06/12/2014 11:25 am ET Updated Aug 12, 2014

The Man Behind the Mementos at the Vietnam Veterans Memorial

NICHOLAS KAMM via Getty Images

The Vietnam Veterans Memorial Wall is two years older than I am. For as long as I've known there was a Vietnam War, I've known that people leave objects at the Memorial. The first time I saw any of those mementos they were behind glass and professionally curated at the Smithsonian Museum of American History. But it wasn't like other exhibits. The bamboo cage covered in broken glass -- full size, but horrifyingly small -- wasn't a historical object, but a way of remembering and telling a story. Someone reaching out with his or her pain, hoping I would share it just a little. By the time I saw it, the decision had already been made to remember the war this way-- with a long, shiny black wall of names, and pieces of pain venerated behind glass. Differently from the way any other war is remembered in Washington, before or since.

So when Washingtonian magazine assigned me the story of the man who keeps those objects, it was also an assignment to take a foregone conclusion of my childhood and figure out why and how it came to be.

I had absorbed the cultural resistance to talking about the war. I knew there was tremendous anger, even still. I knew it wasn't a good idea to ask people about it. I knew that the stories were painful, and that this war in particular was difficult to talk about and difficult to hear about. I was, without really thinking about it, someone who didn't want to hear the stories, who was so far removed from them that it seemed better not to pry, not to ask for information. I assumed I would never really understand, and I protected myself by not really trying, not finding anything to take personally about the experience other people had had.

The way I had learned about other wars, in history class and in movies, wasn't like those objects at all. History remembers great men; soldiers advancing, retreating, learning to kill and being killed, of maps turning from one color to another, of brotherhood and manhood, weapons, tactics and consequences. And I was never going to be a great man.

The mementos, though -- well, they weren't exactly "mementos," which are memories you keep. These things were memories you give away, memories you discard through sharing. These mementos created a fully democratic history of the war. Any person who can physically get to the wall to leave something behind is automatically a part of history and the way America memorializes the people we lost. Most objects are left with no identifying information or explanation attached. They allude to the larger history of war as it ever has been, not just the movement of troops but the people who miss each other, the prized and sparse material comforts, the reminders of home.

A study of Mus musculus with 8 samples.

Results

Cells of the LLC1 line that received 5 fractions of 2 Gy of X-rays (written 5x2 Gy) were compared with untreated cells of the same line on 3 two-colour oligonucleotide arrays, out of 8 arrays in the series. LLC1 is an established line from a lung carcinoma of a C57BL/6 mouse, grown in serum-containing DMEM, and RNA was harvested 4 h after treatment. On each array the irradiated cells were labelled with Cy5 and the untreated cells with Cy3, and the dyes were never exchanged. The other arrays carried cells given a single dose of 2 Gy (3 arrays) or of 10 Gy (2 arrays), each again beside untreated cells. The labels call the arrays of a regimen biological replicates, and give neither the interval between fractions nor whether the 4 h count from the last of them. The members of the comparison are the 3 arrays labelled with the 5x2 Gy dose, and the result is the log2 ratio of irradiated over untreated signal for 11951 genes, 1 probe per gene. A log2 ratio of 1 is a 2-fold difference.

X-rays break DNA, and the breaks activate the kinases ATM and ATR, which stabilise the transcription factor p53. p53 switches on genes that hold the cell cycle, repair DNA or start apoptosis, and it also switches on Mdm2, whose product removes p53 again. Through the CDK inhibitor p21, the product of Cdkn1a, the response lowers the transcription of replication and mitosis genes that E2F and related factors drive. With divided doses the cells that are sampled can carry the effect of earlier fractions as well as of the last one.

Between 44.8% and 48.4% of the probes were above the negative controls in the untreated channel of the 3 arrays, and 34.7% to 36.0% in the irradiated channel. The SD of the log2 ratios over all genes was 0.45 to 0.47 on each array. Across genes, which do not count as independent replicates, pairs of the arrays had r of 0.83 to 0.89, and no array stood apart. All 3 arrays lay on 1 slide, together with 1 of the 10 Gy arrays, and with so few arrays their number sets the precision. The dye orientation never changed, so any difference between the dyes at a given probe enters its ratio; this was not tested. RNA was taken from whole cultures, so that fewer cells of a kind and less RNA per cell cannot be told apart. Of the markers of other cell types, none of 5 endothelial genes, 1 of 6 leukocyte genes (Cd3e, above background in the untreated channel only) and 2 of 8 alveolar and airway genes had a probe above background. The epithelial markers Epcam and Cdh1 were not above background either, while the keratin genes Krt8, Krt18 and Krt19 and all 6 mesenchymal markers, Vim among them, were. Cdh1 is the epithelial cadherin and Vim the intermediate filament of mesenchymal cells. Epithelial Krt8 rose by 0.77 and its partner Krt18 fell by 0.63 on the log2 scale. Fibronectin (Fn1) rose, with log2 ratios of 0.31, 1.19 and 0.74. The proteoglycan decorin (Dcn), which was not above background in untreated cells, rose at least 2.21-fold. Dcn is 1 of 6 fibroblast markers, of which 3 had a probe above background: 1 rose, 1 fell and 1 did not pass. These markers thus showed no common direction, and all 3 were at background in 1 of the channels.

The collection is massive, ungainly, impossible. They keep everything that won't rot. But the why and the how of America remembering this war becomes clear as soon as an object reaches in and grabs you by the heart.

I never saw the boo-boo bunnies. They aren't on display anyplace. I only know about them because the day a man lifted them out of the box of things left at the wall, a reporter happened to be there. They were a pair of carefully, specially folded washcloths. Both folded the same way. The curator had no idea what to make of them. Fortunately, there happened to be a volunteer on hand who knew them immediately.

Boo boo bunnies are for small injuries and wounds. They are washcloths meant to be wrapped around a piece of ice, to protect your scrape while Mommy numbs it. They are bunnies, which makes them nonthreatening even if the ice hurts a little. They are one of the powerful ways Mommy makes things okay when you're hurt.

There's no way to prove who left the boo boo bunnies, and no way to prove for whom. But I know, deep in my bones, the story they tell. There was a brave Mommy. She had a little boy she loved very much. She made him into a good man. And she gave him up, gave him up to the world. One day, he got hurt very bad, and Mommy wasn't there. She didn't even know it was happening. He was hurt, and she wasn't there to make it okay. She kept the bunnies, though, for ten years or more after she heard he died. And one day she gave them up, too.

Those bunnies tore through every layer of alienation from the war I had. Without any words at all. I knew their story, purely from the haphazard, illogical and utterly perfect way America remembers these dead.

There was a very brave Mommy who gave up everything she had. What more is there to know.

The Livingston Awards for Young Journalists aims at identifying top talent early (entrants must be under 35) and boosting winners by presenting them to the senior levels of the profession at an annual lunch in New York City. For more information on the program, run by the University of Michigan and supported by the Knight Foundation, read here.